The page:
By most accounts the 2013 fall motorcycle rally here on the Grand Strand was a success. Beautiful weather seems to be getting most of the credit.
Taylor Damonte of Coastal Carolina University’s Center for Resort Tourism confirmed in a Sun News article that reservations in hotels and campsites were about the same as last year, but cited a six percent increase in vacation rental homes during the rally. Kenneth Hucks, owner of Cypress Camping Resort in Socastee agreed his numbers were “about the same as last year” but he sees the rallies bouncing back and expects to see his business benefit in the future as a result. The campground, which also welcomes church groups and campers of all types year-round, is gaining a reputation as one of the most motorcycle-friendly campgrounds in the area. In addition to having free motorcycle trailer parking, Cypress Camping Resort allows guests to ride their motorcycles (respectfully) directly to their campsite instead of having to leave them at the proverbial door like most campgrounds here do.
Leslye Beaver, owner of both Beaver Bar locations in Murrells Inlet also credits Mother Nature saying, “Great weather makes for a great rally! Good weather, numbers are up; bad weather, numbers are down.” Beaver, who also has a Beaver Bar location in Ormond Beach, Fla. near Daytona Beach, and her crew only had a moment to catch their breath after this rally before heading to Florida for the Daytona Beach area’s Biketoberfest, which officially starts today (Thursday) and runs through Sunday, according to www.DaytonaChamber.com.
Sarah George, spokesperson for Myrtle Beach Harley-Davidson and the Harley Shop at the Beach in North Myrtle Beach couldn’t give me specific percentages, but assured me, “things were definitely up over last fall as far as attendance and business numbers. [The number of participating] vendors were about the same, but we definitely saw more people.” Also good news was that many of the people she met were giving the rally and the area another chance. Thousands of riders stopped coming to the rallies after Myrtle Beach city officials tried to do away with the events. George said, “I talked to several people who hadn’t come in years who decided to come back.” In addition to “beautiful weather”, George believes, “People are starting to realize it’s coming back.” And she credited “…increased awareness and new activities and events” for helping to draw bikers back in. When I asked for an example, she mentioned the Cruise the Loop poker run that I featured in my Sept. 26 column.
The 90-mile long free poker run is hosted by the Suck, Bang, Blow biker bar and Bike Week MB, a bike week marketing effort created by NextMedia that is dedicated to rebuilding the rallies. I talked to MB Bike Week’s Program Director, Mark Krom, to get his take on the ride and the rally in general. He said, “We’re very pleased with the results. All of the businesses we’re working with showed nice increases…and, the general feedback we’re getting on our Facebook site is very positive.” (Search “Bike Week MB” on Facebook.com to visit the page.) According to Krom, during last year’s fall rally about 70 riders took part in SBB’s annual poker run. This year, after teaming up with MB Bike Week to create the extended Cruise the Loop ride, attendance tripled to more than 250. The first Cruise the Loop ride took place during the 2013 spring motorcycle rally – historically a much larger event - and an estimated 300 motorcycles participated, so the fall rally participation was much greater in proportion to the rallies themselves. Krom went on to say, “We’re already making plans for the spring rally. Our challenge now is going to be how to manage an even bigger ride. We could see as many as 500 to 600 motorcycles so we may have to look at splitting the ride up.” Because of the success, Krom also said he is getting requests from businesses on the North End about possibly doing a northern loop ride.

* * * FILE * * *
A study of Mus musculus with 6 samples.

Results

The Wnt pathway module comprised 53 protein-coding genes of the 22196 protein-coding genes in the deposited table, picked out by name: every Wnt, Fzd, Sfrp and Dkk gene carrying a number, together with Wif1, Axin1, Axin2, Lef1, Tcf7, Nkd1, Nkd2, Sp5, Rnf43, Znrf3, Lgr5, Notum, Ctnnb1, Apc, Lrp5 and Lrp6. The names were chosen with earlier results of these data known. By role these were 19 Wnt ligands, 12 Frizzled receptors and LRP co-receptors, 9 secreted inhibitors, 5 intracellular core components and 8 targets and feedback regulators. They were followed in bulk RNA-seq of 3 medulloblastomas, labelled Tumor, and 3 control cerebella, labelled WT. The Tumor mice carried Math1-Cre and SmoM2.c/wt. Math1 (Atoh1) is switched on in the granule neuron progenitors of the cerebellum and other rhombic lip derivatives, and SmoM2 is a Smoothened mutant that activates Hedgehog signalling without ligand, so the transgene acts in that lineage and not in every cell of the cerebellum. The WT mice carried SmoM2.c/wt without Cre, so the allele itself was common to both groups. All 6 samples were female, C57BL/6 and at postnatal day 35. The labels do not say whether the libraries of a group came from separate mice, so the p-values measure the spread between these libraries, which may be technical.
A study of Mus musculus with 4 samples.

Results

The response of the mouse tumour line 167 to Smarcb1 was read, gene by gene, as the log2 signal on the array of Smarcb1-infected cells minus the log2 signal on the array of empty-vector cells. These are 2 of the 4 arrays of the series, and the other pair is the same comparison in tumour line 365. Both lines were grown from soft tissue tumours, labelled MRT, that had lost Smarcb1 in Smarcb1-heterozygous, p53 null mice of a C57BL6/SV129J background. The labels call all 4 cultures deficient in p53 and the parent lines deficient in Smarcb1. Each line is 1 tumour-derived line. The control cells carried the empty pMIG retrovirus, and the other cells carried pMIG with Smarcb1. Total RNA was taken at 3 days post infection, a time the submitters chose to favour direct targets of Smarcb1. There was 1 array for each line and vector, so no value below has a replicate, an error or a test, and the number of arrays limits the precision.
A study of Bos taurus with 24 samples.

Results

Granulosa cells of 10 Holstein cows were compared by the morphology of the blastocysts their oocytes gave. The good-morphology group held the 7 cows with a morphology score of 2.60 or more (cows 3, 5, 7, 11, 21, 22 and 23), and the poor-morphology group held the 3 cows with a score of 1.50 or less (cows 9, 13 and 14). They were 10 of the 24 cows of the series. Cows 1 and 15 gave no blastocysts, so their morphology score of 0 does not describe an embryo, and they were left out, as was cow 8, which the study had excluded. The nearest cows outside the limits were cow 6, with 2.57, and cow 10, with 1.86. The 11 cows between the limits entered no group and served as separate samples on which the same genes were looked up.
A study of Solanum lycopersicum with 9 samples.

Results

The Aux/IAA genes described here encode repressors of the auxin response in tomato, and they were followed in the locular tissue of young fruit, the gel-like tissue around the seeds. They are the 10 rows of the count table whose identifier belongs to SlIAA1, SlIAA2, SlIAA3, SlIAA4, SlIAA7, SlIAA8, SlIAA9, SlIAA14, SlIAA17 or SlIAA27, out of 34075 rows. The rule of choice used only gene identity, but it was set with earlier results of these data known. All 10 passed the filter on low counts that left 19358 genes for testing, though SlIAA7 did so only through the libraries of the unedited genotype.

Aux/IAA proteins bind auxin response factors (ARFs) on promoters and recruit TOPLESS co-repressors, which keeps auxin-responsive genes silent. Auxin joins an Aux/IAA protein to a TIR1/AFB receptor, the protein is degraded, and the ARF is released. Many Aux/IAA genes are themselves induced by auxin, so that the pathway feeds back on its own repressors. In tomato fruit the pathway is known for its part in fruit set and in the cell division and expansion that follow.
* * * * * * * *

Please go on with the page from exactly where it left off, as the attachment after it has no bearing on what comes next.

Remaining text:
One of the scheduled stops along the ride this fall was Big Tuna on the Georgetown waterfront. The establishment is located on the same row where a devastating fire recently destroyed a number of historic buildings and the businesses they housed. Big Tuna, located on the next block over was spared. Riders toured the site of the fire during the Big Tuna stop; and, organizers who had initially planned to collect money for another charity decided to give the donations, which came to $282, to the Georgetown Fire Relief Fund instead.
Another stop took place at the Myrtle Beach Speedway where riders were allowed to take their motorcycles on the track for five laps. Krom excitedly said, “I’ll tell you, seeing 250 bikes making those laps around the track was a real thrill.”
Krom is also the local contact for the filming of a proposed, new, cable television show during the motorcycle rallies in the area. At the eleventh hour, plans to have a film crew to ride along with a number of local police and fire departments to document bike week activities at this year’s fall rally fell through. Executives at the Travel Channel, which would air the show, apparently want to hold off until the larger spring rally, but nothing is official at this point. The producers are the same ones who make the show “Alaska State Troopers” on the National Geographic Channel. According to Krom, the program would follow the same reality/ride-along format at a number of large events and festivals throughout the country, including Bike Week here.
After years of economic difficulties and the damage done by Myrtle Beach city officials, it is great to finally see the rallies gradually making a comeback. Hopefully there will be even better news to report at the spring rally.